Muslim leaders discuss al-Quds at OIC emergency summit in Turkey
The Organization of Islamic Cooperation (OIC) convenes an urgent summit in Istanbul on Washington’s contentious declaration on Jerusalem al-Quds, with the Turkish foreign minister urging Muslim nations to respond by pressing the world for the recognition of the city as the capital of a Palestinian state.
Representatives from 57 OIC members are attending the summit, which is meant to coordinate a response to a US decision to recognize Jerusalem al-Quds as Israel’s “capital.”
“Firstly the Palestinian state must be recognized by all other countries. We must all strive together for this,” the top Turkish diplomat, Mevlut Cavusoglu , said. “We must encourage other countries to recognize the Palestinian state on the basis of its 1967 borders with East Jerusalem [al-Quds] as its capital.”
Erdogan: al-Quds ‘red line for Muslims’
Turkish President Recep Tayyip Erdogan, whose country holds the rotating presidency of the OIC, was the first head of state to address the event.
He told OIC leaders that Israel’s expansionism is “skyrocketing,” describing the entity as “a state of occupation.” “Besides this, Israel is a state of terror.”
The Turkish leader further urged the international community to recognize East Jerusalem as the “capital of Palestine.”
Erdogan described Washington’s decision as a reward for Israeli “terror acts” and said the city was a red line for Muslims.
‘Al-Quds will forever be Palestine’s capital’
Meanwhile, Palestinian President Mahmoud Abbas decried the Trump administration’s decision as the “greatest crime” and a flagrant violation of international law. He said Washington was giving away Jerusalem al-Quds a “gift” to the “Zionist movement” as if it were an American city, adding, “It crosses all the red lines.”
“Jerusalem [al-Quds] is and will forever be the capital of the Palestinian state… There will be no peace, no stability without that,” he said.
Abbas rejected any future role for the United States in the so-called Middle East peace process, noting that Washington is biased in favor of Israel.
He called on the UN to assume the mediating role in the Mideast peace process and revive it with a new mechanism as the US is no longer “fit” for the task.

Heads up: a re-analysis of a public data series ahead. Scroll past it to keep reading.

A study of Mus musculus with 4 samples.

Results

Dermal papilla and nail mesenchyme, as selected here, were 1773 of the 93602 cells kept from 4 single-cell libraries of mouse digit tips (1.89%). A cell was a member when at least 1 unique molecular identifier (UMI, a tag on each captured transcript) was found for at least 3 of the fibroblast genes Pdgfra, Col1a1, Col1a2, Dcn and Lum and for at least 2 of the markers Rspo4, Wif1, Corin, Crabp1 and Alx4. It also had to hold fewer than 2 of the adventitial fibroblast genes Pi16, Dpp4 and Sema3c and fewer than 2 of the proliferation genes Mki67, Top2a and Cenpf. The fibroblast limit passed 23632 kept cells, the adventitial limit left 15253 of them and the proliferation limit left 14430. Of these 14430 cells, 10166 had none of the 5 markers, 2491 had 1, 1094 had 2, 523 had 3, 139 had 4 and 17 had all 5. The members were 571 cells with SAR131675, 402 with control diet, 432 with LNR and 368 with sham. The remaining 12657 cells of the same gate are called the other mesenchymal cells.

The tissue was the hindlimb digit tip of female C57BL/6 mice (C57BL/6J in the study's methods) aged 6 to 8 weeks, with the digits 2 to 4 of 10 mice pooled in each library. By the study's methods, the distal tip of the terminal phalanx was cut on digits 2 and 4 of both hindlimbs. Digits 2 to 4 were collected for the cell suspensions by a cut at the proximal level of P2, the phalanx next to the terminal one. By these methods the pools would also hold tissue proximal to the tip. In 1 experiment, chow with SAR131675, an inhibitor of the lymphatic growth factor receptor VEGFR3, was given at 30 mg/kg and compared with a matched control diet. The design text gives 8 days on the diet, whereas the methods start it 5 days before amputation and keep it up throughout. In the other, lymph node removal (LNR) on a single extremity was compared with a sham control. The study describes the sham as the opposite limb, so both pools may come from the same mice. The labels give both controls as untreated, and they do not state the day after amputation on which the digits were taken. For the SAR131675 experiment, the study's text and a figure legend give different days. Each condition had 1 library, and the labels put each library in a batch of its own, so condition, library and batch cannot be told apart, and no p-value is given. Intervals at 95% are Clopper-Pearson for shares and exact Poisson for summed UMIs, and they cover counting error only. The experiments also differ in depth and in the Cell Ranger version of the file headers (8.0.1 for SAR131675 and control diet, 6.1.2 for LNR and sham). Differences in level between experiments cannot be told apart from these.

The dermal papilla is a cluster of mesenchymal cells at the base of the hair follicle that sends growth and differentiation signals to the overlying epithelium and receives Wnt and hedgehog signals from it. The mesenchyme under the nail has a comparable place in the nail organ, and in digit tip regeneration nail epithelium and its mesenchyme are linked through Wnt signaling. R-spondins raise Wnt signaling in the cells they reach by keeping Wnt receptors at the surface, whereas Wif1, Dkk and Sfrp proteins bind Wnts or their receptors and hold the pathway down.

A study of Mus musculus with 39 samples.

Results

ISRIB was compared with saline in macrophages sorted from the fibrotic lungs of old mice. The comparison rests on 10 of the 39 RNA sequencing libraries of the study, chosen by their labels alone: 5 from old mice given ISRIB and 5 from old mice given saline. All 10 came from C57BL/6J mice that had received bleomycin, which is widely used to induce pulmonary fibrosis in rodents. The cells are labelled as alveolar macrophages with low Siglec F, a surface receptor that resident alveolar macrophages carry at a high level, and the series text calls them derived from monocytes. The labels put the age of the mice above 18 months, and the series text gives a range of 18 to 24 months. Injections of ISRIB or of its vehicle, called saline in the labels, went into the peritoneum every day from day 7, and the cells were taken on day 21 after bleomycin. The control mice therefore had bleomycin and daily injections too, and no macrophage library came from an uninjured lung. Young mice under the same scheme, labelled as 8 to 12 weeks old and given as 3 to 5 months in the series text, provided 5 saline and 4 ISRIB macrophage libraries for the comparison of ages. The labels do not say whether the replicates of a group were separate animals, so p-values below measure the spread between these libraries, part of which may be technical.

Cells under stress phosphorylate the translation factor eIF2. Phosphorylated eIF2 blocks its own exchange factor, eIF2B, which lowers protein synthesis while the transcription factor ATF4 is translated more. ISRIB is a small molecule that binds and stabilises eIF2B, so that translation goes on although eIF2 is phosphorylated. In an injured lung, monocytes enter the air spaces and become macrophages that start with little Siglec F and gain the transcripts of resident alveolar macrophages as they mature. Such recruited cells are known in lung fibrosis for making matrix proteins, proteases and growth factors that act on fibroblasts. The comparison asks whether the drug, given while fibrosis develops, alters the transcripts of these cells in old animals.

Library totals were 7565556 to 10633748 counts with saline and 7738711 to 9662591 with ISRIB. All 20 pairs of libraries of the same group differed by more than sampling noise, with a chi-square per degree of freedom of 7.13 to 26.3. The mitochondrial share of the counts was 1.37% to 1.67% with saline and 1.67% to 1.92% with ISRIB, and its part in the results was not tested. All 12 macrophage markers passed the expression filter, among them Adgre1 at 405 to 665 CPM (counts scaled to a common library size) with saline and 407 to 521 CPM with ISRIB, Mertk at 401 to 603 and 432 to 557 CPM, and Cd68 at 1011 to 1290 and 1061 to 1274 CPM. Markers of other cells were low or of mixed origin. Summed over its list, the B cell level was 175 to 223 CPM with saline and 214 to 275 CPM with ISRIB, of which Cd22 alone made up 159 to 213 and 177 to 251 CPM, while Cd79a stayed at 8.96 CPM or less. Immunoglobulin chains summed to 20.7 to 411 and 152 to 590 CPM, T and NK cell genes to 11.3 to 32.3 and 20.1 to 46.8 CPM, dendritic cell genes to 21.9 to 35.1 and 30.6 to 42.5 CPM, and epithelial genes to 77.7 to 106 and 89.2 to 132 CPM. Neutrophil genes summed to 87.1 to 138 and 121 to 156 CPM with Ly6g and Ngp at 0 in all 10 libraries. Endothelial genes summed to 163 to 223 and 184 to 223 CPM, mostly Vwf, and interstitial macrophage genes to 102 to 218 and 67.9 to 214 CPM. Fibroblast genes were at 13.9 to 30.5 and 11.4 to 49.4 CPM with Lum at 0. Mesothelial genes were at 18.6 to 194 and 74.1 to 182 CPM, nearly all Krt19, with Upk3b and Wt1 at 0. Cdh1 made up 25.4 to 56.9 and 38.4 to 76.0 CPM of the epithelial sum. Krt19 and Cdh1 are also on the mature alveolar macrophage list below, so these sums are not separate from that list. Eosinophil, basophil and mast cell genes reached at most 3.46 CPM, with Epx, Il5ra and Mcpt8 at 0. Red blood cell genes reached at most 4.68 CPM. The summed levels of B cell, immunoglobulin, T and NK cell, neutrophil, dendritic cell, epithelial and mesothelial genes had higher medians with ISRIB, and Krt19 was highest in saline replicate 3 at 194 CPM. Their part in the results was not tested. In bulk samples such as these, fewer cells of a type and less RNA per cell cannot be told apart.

The Palestinian president pointed to the unanimous international opposition to Trump’s decision, calling it a “provocation” to Muslim and Christian sentiments.
Jordanian King Abdullah II rejected any attempt to change the status quo of East Jerusalem al-Quds and its holy sites.
He stressed that the Middle East cannot witness peace until the Israeli-Palestinian conflict is resolved. “All violence… is a result of a failure to find a peaceful solution to the Palestinian issue.”
Iranian President Hassan Rouhani and Lebanese President Michel Aoun are also among the participants.
Earlier this month, US President Donald Trump announced that the US was recognizing Jerusalem al-Quds as Israel’s “capital” and tasked the State Department with making preparations for the relocation of Washington’s embassy from Tel Aviv to the occupied Palestinian city.
The dramatic shift in Washington’s Jerusalem al-Quds policy drew fierce criticism from the international community, including the United States’ Western allies, and triggered demonstrations against the US and Israel worldwide.
On Tuesday, the EU’s foreign policy chief, Federica Mogherini, reaffirmed the position of the European Union, saying East Jerusalem, which hosts the al-Aqa Mosque compound, shall become the capital of a Palestinian state and the western part of the city shall go to Israel as part of a so-called two state solution.
“We have made it clear that we will continue to respect the international consensus on Jerusalem [al-Quds], as Europeans, including the relocation of our embassies until the final status of Jerusalem [al-Quds] is resolved through direct negotiations between the parties,” she added.
On Saturday, Arab League foreign ministers held an emergency meeting in Cairo. The meeting urged Washington to rescind its decision and called on the international community to recognize the Palestinian state.
On the eve of the OIC summit, Turkish Foreign Minister Mevlut Cavusoglu lashed out at some Arab countries over their “very weak” reaction to US recognition of Jerusalem al-Quds as Israel’s capital.
Cavusoglu stressed that the OIC meeting must stand up to what he described as Washington’s “I am a superpower, I can do anything” mentality.
Sources in the Turkish presidency said Saturday that Erdogan and French President Emmanuel Macron had spoken on the phone over the case. They said the two leaders agreed to work together to persuade the US to reconsider its decision.
Also at a joint press conference after talks in Ankara on Monday, Erdogan said he and Russian President Vladimir Putin believe that Israel continues to “add fuel to the flames.”
Jerusalem al-Quds is under Israel’s control. The international community views the regime’s grip on the eastern part of the city, which came after the Six-Day War of 1967, as illegal, and urges talks to decide the fate of the entire city in any future peace deal.